One of the metrics I include in the trip planning information is the “difficulty”, ranging from class 1 to class 5. What do these numbers mean? The short answer is that they’re part of the Yosemite Decimal System (YDS). These ratings don’t describe the amount of effort required; class 1 can be long and strenuous and class 5 can be quick and easy. Rather, the YDS describes the technical difficulty of the terrain. Detailed explanations are included below
Class 1 – Walk in the Park
Class 1 terrain is low-risk and doesn’t require much gear beyond footwear. That doesn’t mean the trail can’t be steep and difficult (from a cardiovascular perspective)! Most trails fall into this category. Counterintuitively, technical glacier travel is often categorized as class 1 or class 2 terrain despite the need for protective gear like ropes and harnesses due to the low to moderate slopes encountered.
Class 2 – Hands for Balance
Moving up into class 2 terrain usually means talus, scree, or steep snow. You’ll likely need to use your hands to maintain balance every once in a while, and the path may be faint or missing altogether. Trekking poles are a boon in this environment, and microspikes (or other traction devices) can be a lifesaver when this more complex terrain is icy.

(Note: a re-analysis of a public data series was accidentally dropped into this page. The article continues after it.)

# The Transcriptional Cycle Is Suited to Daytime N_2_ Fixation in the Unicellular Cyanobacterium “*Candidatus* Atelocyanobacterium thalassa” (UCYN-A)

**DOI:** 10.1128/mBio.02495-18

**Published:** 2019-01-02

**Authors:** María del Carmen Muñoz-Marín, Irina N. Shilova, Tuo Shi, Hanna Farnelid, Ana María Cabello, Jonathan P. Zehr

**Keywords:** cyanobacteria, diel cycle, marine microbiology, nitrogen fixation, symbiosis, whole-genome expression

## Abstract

Class 3 – Hands for Scrambling
Class 3 hiking and climbing introduces significant exposure (i.e., a high risk of injury during a fall due to steepness of the terrain) into the mix. Colloquially called “scrambling,” this kind of climbing requires both handholds and footholds but there are plenty of physical features for both; technical climbing gear is not required.
Class 4 – Highly Exposed Scrambling
Once you reach class 4 features, you should really be taking advantage of a rope, harness, and belay device. While there are plenty of natural features (i.e., handholds, footholds), the exposure is high and a fall could easily be fatal.
Class 5 – Legit Rock Climbing
Class 5 terrain is what most of us just call “rock climbing.” The obstacles are cliffs, and an unprotected fall will seriously injure or kill you. Ropes, harnesses, and all manner of other climbing gadgets are required for this kind of travel. This category is further subdivided, ranging from 5.0 at the easiest to 5.15d at the hardest.